As I’ve been saying for a couple of days now – in the face of the usual idiots trying to deny reality; and I repeat, their comments will never appear here – the new virus variant is set to sweep this country, and football has finally responded.
And of course, the governing bodies are all over the place.
Last night, Celtic found out the ghastly cost of a single case of the virus in our squad, with the SFA and the SPFL having given the guidance to the clubs. And that cost was set to be enormous.
A single case on a club team bus would send the entire bus into self-isolation.
Every single person, regardless of their vaccination status, regardless of negative PCR tests.
It seemed that football was adopting the “household rule” for the sport.
If it’s an Omicron case, every player was set to be considered a “household contact” and they’d have been isolating as well. It hardly needs to be pointed out how catastrophic that would be for any club with our schedule.
A ten-day isolation period would comfortably take in three games, perhaps even four. When would they be rescheduled? God alone knows, but you wouldn’t want to see us in that position, even if our games would be played after January with our injury issues behind us.
Yet this is a bullet I don’t see us dodging.
Even if you take every footballer to every ground by car – we have Ross County coming up soon, so that’s hardly practicable or something we’d want – players have to gather in the dressing room.
One positive case would, you’d presume, close the team down in just the same way.
There is no suggestion that teams would forfeit games for this; certainly it would be absolutely ridiculous to punish some sides and not others. Just because we could, technically, field a B team for a league game doesn’t mean that we should be forced to … that makes the regulations nothing more than survival of the unfittest.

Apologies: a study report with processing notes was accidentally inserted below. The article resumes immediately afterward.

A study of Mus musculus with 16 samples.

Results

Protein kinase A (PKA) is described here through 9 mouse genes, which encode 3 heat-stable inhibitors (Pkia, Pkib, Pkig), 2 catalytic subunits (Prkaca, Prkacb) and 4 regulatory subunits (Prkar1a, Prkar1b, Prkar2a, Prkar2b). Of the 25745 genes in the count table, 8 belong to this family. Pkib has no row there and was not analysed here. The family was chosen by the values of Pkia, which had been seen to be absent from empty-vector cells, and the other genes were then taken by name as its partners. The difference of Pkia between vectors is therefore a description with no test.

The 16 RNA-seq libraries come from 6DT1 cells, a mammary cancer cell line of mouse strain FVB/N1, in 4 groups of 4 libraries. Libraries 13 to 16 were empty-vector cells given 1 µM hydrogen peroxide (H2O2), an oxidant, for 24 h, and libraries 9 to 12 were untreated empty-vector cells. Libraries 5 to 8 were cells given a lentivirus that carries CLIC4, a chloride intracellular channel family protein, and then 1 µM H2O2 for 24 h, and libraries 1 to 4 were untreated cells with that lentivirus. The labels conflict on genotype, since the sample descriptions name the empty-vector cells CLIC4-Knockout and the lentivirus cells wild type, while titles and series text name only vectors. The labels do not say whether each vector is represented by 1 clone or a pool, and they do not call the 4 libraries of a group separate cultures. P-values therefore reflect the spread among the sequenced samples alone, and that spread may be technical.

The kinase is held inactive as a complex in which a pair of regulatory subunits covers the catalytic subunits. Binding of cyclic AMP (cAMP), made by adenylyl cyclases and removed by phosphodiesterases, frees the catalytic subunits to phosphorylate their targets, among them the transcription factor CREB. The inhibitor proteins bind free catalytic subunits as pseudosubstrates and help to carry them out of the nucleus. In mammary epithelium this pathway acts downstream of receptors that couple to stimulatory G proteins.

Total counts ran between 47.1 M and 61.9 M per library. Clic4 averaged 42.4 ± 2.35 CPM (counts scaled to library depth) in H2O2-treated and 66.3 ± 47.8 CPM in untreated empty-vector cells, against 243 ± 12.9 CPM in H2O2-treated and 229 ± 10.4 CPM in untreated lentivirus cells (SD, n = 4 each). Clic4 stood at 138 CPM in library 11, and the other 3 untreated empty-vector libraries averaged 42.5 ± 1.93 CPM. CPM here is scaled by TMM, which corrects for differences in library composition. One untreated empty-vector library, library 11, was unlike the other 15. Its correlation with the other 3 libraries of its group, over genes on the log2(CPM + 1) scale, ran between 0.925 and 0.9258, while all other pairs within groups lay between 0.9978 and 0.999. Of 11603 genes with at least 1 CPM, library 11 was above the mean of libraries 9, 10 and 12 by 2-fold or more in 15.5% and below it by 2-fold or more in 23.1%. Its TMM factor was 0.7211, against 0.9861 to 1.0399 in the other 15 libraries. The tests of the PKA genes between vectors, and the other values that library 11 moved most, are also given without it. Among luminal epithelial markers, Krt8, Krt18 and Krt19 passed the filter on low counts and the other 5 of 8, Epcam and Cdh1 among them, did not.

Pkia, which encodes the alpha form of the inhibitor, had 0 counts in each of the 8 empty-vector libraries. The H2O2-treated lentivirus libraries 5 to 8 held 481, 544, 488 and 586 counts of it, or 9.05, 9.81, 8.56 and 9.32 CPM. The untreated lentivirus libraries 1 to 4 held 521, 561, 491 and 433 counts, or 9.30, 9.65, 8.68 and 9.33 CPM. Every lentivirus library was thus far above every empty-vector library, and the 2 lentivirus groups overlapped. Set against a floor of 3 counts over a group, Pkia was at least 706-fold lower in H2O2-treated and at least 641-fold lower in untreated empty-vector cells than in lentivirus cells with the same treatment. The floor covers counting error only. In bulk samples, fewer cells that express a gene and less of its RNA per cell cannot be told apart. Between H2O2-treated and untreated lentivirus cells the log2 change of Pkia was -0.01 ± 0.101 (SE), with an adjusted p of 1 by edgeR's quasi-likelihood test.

No sooner had clubs braced themselves against this blow, but Jason Leitch went on the radio earlier today and flatly contradicted what the governing bodies had said.
According to Leitch, the rules for households would not be adopted by football at all. He suggested that they would be the exact same rules as exist for other industries; if you are a “close contact” a negative PCR test sends you back out on your way.
So what’s the proper advice? Who’s right and who’s wrong?
Celtic has to assume it’s the game’s governing body, but their rank incompetence is clear from the very fact that they don’t seem to understand what the government has said.
So this is already a shambles.
What if we get a positive test overnight?
Is that the game suspended tomorrow or do we have to just get negative tests for the rest of the squad?
Another wrinkle is that in order to be allowed to go on your way you need to be double vaccinated at the very least, in addition to turning in a negative PCR test … a recipe for chaos.
When I wrote about this earlier in the week, I pointed out that the information to clubs would have to be clear and unambiguous, so that everyone knew what everyone was doing.
This is not that. This is already a looming shit-show, which forces our club to seek clarification on clarification before putting measures in place. It is already a mess, but that is football governance in Scotland.
That is what our directors tolerate.